New Year’s Eve
Posted December 11, 2011 by Daniel Hodgson in
New Year’s Eve substitutes star power for character development, throwing up two dozen major to minor celebrities up on the screen for two minutes each, and hopes it will make up the difference.
New Year’s Eve is the kind of movie that makes me appreciate movies I didn’t like to begin with. While Crash was often dramatically one-note, at least each character had an interesting story of their own and was meaningfully connected to one another. The cast was large, but manageable. New Year’s Eve stumbles over everything that Crash got right. There are just too many characters doing too little in too short of a time. Where Crash’s characters undergo changes, good and bad, New Year’s Eve‘s characters are either flat and static, or go through abrupt, unmotivated changes. While each segment is brief, each one gets so much wrong.
15 year old Hailey (Abigail Breslin) wants to meet up with a cute boy (Jake T. Austin) in Time’s Square, but her overbearing mother Kim (Sarah Jessica Parker) won’t let her. The boy gets no development whatsoever, so there’s no desire to see her get him.
Elise (Lea Michele) is a backup singer to Jensen (Jon Bon Jovi), but is stuck in an elevator with party-pooper Randy (Ashton Kutcher), and may not be able to make it. They trade first impressions with one another, but this kind of characterization is weak. Having them actually do something would tell us a great deal more about either character, but they’re just chatting away to pass the time while trapped. Riveting.
Patricia (Michelle Pfeiffer) quits her job and hires courier Paul (Zac Effron) to help her keep her New Year’s Resolutions before midnight, in exchange for giving Paul her tickets to an exclusive masquerade. This story could have been its own, quirky The Bucket List-esque movie, but it would have to be handled better than it is here, and by a lot. Patricia’s passivity is borderline Bella Swan, and Effron as Paul goes through the segment posing and posturing like Justin Beiber. Paul goes through an abrupt, unmotivated changes (and there’s a lot of this in this movie), like when he insults Patricia while she’s in ear shot, and just as suddenly wants to make it up to her, when there’s no reason for either turn.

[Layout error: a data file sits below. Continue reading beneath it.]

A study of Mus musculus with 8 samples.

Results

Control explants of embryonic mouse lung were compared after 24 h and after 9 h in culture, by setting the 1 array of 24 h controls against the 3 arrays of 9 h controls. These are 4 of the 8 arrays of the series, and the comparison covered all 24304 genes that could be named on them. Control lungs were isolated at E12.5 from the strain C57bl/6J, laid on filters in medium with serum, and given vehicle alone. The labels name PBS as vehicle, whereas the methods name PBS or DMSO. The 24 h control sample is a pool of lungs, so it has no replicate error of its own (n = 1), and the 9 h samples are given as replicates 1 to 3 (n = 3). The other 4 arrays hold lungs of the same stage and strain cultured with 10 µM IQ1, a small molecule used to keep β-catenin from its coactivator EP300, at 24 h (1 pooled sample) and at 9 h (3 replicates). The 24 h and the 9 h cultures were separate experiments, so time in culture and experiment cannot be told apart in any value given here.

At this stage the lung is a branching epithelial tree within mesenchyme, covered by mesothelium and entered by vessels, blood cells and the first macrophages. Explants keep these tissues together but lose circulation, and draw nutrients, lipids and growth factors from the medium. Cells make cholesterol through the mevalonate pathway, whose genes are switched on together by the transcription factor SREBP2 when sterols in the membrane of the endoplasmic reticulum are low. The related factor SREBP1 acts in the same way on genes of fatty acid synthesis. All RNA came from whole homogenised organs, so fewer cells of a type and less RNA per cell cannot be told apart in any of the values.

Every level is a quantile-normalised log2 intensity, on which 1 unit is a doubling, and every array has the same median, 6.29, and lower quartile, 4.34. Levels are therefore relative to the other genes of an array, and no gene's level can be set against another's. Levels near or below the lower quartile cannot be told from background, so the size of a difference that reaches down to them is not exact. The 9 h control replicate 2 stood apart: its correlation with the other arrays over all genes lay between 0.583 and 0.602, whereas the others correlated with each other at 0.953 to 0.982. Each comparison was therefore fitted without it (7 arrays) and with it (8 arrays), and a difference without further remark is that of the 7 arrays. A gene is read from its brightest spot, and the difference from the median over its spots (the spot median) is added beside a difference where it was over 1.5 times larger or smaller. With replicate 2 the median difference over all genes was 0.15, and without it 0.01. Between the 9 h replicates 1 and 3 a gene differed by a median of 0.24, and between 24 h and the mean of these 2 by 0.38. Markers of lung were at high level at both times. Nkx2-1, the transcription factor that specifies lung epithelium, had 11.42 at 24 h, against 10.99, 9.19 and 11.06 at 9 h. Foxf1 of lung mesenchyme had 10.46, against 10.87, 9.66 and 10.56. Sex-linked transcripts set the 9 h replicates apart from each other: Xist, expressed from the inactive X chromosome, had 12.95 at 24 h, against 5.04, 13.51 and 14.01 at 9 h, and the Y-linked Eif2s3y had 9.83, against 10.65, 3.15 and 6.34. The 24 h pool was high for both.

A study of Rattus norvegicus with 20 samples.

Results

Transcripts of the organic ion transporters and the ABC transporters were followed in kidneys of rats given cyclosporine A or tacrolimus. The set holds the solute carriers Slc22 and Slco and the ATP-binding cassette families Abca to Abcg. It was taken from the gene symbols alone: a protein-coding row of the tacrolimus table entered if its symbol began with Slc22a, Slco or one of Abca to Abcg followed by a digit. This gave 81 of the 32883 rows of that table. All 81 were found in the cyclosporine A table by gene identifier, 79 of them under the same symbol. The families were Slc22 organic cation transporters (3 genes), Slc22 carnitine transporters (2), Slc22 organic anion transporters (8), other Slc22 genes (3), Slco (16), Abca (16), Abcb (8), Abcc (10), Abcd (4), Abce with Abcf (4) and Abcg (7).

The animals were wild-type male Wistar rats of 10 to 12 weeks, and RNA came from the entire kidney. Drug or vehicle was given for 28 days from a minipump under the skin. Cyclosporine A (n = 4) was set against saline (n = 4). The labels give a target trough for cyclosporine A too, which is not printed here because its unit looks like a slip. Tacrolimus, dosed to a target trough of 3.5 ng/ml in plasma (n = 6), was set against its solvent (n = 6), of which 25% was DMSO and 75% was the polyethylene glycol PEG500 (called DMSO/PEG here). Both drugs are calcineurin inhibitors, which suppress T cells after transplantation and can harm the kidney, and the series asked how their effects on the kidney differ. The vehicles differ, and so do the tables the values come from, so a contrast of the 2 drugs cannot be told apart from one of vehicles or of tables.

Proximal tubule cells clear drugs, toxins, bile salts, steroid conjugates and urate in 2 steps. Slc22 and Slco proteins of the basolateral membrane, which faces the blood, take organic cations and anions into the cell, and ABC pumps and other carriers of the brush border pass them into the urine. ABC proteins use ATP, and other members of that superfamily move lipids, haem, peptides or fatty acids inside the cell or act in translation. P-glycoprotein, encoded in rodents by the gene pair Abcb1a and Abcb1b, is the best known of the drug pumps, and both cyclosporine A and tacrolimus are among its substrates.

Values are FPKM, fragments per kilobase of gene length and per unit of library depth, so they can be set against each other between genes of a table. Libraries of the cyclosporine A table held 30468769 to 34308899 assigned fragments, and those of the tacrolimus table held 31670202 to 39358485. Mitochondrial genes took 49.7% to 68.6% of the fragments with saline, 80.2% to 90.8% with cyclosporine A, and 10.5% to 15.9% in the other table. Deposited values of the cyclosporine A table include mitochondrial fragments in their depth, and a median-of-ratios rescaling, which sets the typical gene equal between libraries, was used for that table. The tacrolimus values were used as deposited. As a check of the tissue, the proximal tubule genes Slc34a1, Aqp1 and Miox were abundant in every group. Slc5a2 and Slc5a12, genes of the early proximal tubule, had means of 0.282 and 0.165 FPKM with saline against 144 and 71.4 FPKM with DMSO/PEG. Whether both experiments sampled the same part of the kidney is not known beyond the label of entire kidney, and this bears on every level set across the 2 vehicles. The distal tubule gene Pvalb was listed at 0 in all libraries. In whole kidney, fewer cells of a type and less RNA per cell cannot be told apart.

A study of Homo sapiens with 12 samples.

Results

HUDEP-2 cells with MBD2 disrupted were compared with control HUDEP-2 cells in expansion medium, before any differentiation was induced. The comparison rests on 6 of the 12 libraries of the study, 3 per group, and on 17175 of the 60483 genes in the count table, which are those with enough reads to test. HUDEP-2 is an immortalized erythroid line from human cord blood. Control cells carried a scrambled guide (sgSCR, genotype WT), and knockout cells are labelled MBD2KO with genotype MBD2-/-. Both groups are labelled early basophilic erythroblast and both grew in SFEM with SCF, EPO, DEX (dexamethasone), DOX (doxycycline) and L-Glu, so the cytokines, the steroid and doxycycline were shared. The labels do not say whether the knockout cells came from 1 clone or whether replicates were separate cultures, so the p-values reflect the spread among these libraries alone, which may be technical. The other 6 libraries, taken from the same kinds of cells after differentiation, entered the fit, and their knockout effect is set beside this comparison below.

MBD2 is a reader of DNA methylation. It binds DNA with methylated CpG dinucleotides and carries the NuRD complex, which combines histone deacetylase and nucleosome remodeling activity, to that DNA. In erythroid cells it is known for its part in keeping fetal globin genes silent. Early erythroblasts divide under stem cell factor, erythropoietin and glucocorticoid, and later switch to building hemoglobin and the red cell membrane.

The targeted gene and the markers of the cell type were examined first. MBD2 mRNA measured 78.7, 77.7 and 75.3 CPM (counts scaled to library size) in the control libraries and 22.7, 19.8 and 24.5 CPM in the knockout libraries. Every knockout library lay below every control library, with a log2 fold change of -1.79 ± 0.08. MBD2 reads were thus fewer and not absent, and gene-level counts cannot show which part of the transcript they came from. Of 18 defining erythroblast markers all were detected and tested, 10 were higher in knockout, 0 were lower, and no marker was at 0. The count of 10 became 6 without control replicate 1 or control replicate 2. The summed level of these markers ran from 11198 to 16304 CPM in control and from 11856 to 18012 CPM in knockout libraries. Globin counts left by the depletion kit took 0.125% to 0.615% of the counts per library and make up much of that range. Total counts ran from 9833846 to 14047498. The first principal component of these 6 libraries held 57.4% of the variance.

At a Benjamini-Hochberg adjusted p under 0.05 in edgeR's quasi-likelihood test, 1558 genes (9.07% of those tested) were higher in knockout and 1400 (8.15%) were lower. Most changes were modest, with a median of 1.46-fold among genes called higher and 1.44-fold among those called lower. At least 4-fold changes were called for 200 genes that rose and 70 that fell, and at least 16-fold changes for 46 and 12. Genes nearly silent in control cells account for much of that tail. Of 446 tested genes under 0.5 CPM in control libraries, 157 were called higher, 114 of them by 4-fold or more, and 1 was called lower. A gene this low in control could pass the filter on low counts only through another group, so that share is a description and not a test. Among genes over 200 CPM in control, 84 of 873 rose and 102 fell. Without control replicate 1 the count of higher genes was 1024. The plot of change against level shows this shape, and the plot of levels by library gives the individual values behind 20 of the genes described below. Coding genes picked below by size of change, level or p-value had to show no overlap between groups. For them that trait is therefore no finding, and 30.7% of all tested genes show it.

Sam (Josh Duhamel) needs to get to New York to make a speech at the company party, and ultimately hitches a ride with a family in an RV going to town. En route, he gives the family his lengthy back-story about an anonymous woman he met at last New Year’s, whom he promised to meet again one year later. As he exits the RV, the driver says, “Remember, follow your dreams!” Who talks like this? There’s just no reason to get behind Sam. If he doesn’t get to New York to make his speech, then well…oops? Further, we don’t know much about him other than his back-story to care if he gets a woman who’s identity we don’t even know.
If that weren’t enough, there’s at least four more stories. I could have summarized them instead of Patricia’s or Sam’s stories, and it wouldn’t have made an ounce of difference. None of the stories work individually, and while some of the characters are connected, it’s not in a consequential way that adds up to anything. It doesn’t spoil anything to say that Paul and Kim turn out to be siblings, because it has no impact on the plot. It has no impact on us either, as the revelation doesn’t mean anything. They just happen to be brother and sister, and that’s it.
New Year’s Eve substitutes star power for character development, throwing up two dozen major to minor celebrities up on the screen for two minutes each, and hopes it will make up the difference. Robert Deniro plays a man dying of cancer, who just wants to watch the ball drop one last time. Somehow, not a single care was given that day.